Glasnevin Cemetery – it started on a train

By | December 21, 2017

I’ll put the moral of this story at the start. You should always talk to people when using public transport. Because it all started when I got on the train in Enfield and had the most entertaining encounter with an elderly man and woman, all of us strangers. Rolling by Glasnevin Cemetery, our lady companion departed from her fascinating life story to observe, “There’s Daniel O’Connell’s tower”. I’d often benignly noticed the impressive round tower from the train. “What do you mean?” I enquired. Her eyes widened. Never a good sign.

The tower was a monument to The Liberator, who was buried in a tomb underneath. I had no idea he was in Glasnevin at all, never mind that he had a tower. And I have a degree in History!

Needless to say I blame my parents. They are history fanatics but confine their interest to megalithic tombs and monasteries. Their disdain for our Republican heritage was such that my mother’s widely acclaimed interest in graveyards had not extended to the graves of our Fenian dead. Thus was Glasnevin excluded from our educational childhood tours, with the peace loving O’Connell an innocent victim of our lack of esteem for the nation’s freedom fighters. In college I opted for courses in the French Revolution, the English Civil war, the American Civil war, and really, any war apart from our own.

Later I asked my family; “Did you know Daniel O’Connell is buried in Glasnevin and has a tower?” “Who’s Daniel O’Connell?” asked the children. Oh Holy God. That was it. We were going to Glasnevin.

Off we went on Sunday, a perfect Autumn afternoon, for the 2.30 tour lead by the most charming man, Paddy Gleeson. Our group was aged from 8 to 80 and composed of multiple nationalities. He brought us around just a small portion of the graveyard. Most diplomatically and sympathetically, he described the interconnected lives and sad deaths, many brutal, of some of Glasnevin’s occupants.

O’Connell takes pride of place. There’s an underground burial vault with all his relations in coffins piled in a side room. Through the great stone and marble sarcophagus there’s space in the carving to put your hand through so you can touch his coffin.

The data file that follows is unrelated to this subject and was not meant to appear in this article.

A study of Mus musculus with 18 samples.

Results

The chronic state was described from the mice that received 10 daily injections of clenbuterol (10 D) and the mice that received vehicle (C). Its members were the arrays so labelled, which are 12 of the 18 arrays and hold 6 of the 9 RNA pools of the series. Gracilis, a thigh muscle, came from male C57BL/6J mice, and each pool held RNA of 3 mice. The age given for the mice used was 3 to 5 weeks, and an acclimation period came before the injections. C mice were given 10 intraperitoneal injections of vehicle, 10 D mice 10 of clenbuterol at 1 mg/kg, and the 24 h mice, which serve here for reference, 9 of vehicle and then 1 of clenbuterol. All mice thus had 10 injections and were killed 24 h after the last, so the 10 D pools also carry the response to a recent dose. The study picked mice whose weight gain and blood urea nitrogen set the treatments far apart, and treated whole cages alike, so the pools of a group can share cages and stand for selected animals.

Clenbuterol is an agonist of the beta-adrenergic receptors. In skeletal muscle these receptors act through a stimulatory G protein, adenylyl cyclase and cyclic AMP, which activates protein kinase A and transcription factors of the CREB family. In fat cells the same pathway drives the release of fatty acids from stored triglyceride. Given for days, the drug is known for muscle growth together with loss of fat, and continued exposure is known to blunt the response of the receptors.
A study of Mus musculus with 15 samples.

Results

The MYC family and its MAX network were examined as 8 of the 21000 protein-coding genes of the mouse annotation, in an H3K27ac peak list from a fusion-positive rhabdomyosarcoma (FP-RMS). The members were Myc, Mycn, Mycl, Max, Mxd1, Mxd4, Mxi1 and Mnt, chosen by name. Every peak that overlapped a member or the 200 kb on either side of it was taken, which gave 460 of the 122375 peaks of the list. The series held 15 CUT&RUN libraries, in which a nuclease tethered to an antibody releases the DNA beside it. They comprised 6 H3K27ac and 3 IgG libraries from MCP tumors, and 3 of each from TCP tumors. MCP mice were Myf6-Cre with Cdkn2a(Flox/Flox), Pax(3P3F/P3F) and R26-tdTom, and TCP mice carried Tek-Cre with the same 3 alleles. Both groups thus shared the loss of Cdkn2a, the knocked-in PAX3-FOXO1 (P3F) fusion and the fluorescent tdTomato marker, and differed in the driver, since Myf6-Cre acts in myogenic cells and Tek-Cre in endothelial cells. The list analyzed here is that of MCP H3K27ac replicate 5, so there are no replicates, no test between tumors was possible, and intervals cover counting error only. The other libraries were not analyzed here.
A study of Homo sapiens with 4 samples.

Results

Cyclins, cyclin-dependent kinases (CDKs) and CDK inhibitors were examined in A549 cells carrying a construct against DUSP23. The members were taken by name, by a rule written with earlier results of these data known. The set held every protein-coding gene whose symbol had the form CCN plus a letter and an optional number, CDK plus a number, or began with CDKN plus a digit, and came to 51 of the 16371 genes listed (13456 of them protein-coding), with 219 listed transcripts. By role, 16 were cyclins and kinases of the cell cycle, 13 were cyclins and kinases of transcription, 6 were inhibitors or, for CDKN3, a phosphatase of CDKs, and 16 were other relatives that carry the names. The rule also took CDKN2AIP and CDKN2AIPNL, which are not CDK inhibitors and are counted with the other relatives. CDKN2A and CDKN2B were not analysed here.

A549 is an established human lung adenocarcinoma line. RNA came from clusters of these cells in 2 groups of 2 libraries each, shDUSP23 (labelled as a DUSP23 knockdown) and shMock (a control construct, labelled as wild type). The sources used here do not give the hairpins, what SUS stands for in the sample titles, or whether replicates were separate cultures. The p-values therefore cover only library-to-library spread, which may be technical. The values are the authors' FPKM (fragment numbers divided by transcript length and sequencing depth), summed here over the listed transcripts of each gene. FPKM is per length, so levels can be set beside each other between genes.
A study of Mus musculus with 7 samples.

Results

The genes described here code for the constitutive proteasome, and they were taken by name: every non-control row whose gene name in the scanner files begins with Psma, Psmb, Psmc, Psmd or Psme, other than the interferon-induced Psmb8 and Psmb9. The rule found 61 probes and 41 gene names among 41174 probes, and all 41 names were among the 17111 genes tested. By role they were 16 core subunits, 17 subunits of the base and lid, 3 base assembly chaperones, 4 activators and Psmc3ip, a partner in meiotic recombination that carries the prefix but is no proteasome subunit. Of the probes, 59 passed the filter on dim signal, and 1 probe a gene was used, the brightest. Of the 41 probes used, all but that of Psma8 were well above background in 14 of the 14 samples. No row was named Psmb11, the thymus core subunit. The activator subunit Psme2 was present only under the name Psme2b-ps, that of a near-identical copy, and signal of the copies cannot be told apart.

Gleeson told us about O’Connell’s great work and his death in Genoa, Italy. He asked the group “Does anyone know O’Connell’s instructions for his burial?” The Irish looked at each other confused. A tourist, French I think, offered the answer. “My body to Ireland. My soul to heaven. My heart to Rome”. The words were painted on the walls of the chamber and yes, his friends had cut out his heart, put it in a silver box and it had resided in the church of St Agata dei Goti in Rome but has now gone missing. O’Connell’s heart is gone!

But that was just the start. Onto the grave of Eamon de Valera, a humble one, because its first occupant was not the man himself, but his son, Brian who died at just 20. Unusually, not during our conflicts but from a horse riding accident.

With the week that was in it, he pointed out the monument to Sir John Cray, the man who first piped water from the Wicklow mountains to Dublin. We spent a while with the Fenians of course, including O’Donovan Rossa.

During the Summer an actor performs Pearse’s famous oration daily. Near him is Jim Larkin. To commemorate the 1913 Lockout, his speeches were performed daily by an actor too. We finished up with Michael Collins and Paddy told us his tragic story so beautifully, pointing out Kitty Kiernan’s grave nearby, that our group was entranced, educated and highly entertained.

Driving home, my boys planned a movie based on the search for O’Connell’s heart. They know who he is now. A second moral: if you want to learn history, let the dead be your teacher.